Harsh parenting could lead to smaller brains in adolescence, new study finds

Photo: Getty Images
Photo: Getty Images 

It's been widely reported that serious physical and emotional abuse can lead to impaired brain development in children, but a new study has found that even some parenting practices that might seem socially acceptable can have a serious and permanent effect.

A new study from Université de Montréal and the CHU Sainte Justine Research Centre, in partnership with researchers from Stanford University, has linked behaviour such as repeatedly getting angry, hitting, shaking or yelling at children with smaller brain structures in adolescence.

"The implications go beyond changes in the brain," said Sabrina Suffren, PhD, the study's lead author. "I think what's important is for parents and society to understand that the frequent use of harsh parenting practices can harm a child's development."

"We're talking about their social and emotional development, as well as their brain development."

The study found that the same brain regions were affected, whether the child had suffered from serious abuse or "harsh" parenting. 

"These findings are both significant and new," said Suffen. "It's the first time that harsh parenting practices that fall short of serious abuse have been linked to decreased brain structure size, similar to what we see in victims of serious acts of abuse."

Child development researcher and author Kari Sutton says this type of harsh parenting can come out when the parent is having strong feelings themselves. 

"The types of parenting practices that I would consider harsh are frequent and repeated yelling, negative comments, name calling, physical threats, aggression, and parents hitting children when they are very angry and emotionally out of control," she says.

"These parenting practices are frequently a sign of over-reactive, emotionally negative, coercive, controlling and authoritarian parenting styles."


In the short-term, impacts of these structural brain changes can lead to children to display disruptive, aggressive, defiant, or anti-social behaviours, increased impulsivity, and less ability to control or regulate their behaviour," she says.

"They are also at higher risk of being involved in bullying – both as perpetrators and as victims.

"In the long-term, these structural brain changes have substantial influence on behavioural development throughout life and can also play a key role in the emergence of anxiety and depression and can also lead to substance abuse."

So should parents be worried about an occasional emotional outburst? Sutton says it's important to see the big picture.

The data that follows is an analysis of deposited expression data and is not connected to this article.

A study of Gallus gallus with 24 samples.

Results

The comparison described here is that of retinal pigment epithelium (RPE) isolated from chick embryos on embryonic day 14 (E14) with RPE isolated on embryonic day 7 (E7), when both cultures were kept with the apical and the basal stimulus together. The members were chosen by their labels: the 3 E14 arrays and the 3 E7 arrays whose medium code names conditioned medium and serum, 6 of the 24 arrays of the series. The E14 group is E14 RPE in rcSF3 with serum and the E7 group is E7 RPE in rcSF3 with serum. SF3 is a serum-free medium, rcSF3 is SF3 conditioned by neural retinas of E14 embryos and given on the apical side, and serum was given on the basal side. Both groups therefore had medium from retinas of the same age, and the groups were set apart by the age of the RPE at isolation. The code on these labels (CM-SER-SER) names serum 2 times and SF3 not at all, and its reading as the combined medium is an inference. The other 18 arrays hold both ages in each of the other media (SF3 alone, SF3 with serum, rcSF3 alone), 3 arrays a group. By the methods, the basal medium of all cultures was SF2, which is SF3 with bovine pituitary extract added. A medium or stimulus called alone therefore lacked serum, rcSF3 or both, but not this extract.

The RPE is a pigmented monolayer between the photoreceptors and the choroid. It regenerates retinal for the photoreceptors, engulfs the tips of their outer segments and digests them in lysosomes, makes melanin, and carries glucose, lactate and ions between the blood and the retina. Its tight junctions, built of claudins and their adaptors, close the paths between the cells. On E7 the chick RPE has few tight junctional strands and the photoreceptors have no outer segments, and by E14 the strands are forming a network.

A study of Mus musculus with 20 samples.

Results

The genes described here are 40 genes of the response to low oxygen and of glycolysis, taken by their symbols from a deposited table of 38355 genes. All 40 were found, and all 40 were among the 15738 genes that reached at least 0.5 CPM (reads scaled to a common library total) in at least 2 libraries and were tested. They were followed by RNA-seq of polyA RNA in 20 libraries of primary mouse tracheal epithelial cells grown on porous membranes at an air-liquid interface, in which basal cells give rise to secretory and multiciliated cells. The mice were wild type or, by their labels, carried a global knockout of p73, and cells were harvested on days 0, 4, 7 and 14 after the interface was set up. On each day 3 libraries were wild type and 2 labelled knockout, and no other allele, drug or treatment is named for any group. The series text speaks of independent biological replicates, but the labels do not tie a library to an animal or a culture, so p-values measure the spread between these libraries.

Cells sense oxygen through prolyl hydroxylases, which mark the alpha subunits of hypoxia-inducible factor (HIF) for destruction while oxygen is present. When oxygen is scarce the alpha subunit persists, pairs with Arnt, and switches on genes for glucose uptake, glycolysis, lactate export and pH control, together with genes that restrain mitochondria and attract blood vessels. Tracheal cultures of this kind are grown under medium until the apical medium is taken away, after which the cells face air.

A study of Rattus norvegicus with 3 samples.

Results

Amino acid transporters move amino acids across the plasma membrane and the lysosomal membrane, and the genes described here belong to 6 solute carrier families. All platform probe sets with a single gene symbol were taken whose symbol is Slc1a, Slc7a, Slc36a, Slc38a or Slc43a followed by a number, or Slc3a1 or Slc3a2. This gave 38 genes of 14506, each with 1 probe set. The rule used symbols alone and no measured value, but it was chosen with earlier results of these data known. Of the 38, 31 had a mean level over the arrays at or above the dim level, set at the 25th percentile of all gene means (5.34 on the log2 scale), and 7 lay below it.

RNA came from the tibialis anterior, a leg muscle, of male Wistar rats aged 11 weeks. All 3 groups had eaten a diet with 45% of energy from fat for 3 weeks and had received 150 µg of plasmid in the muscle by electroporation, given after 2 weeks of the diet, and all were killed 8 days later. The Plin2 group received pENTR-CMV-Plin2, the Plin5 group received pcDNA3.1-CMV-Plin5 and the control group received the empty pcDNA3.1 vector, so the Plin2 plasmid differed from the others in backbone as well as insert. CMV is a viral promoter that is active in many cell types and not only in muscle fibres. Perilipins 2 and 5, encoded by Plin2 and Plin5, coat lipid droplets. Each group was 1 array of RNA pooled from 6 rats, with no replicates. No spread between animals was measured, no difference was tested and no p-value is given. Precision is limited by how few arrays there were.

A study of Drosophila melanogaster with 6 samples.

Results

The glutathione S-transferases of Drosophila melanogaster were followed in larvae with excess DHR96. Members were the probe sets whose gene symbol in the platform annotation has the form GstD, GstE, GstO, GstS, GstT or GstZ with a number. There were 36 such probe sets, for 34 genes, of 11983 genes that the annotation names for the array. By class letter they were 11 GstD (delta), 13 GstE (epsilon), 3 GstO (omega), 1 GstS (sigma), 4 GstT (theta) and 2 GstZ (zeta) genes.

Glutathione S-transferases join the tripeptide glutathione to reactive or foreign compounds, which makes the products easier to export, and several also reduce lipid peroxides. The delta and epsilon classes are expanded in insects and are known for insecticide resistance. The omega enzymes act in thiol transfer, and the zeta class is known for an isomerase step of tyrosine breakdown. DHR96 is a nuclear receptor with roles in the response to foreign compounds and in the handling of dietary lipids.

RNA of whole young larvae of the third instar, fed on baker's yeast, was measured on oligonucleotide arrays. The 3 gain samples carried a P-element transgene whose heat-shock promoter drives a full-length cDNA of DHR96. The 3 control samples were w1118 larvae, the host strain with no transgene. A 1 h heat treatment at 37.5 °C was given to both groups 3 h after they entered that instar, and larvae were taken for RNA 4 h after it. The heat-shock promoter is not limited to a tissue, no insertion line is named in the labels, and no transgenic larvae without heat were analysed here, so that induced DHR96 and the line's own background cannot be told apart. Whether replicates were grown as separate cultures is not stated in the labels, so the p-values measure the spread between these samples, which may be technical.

"The key factor here for me is the word 'repeatedly'," she says. "These are not once-off occurrences (although shaking infants is never ever an acceptable thing to do as it can cause irreparable brain damage).

"This study focused on children who were constantly subjected to repetitive harsh parenting practices, not once off infrequent occurrences of anger.

"We all experience anger and frustration with our children at different times that's simply part of being human, it's how we deal with those emotions in the moment that count."

Sutton says it's important that if we do lose our temper, we apologise and repair the relationship, adding that the sort of parenting that is nurturing and helpful to our children's development includes:   

  • being warm, empathic, attuned and nurturing
  • listening to our children
  • allowing autonomy and encouraging independence
  • reasoning with children instead of demanding blind obedience
  • setting clear limits on behaviour
  • consistently enforcing boundaries
  • using positive discipline instead of punitive, forceful measures.

And if you recognise your own parenting in that list of "harsh", potentially damaging behaviour, Sutton says you've already taken the first step, and the next thing to do is to recognise where you can do things differently.

"Once they recognise that they need to change their parenting style – they need to choose one behavioural response they'd like to change (for example, to stop shaming or name calling) and work at changing this behaviour.

"They can also seek help from a psychologist or other parenting professional who can help them address the issues."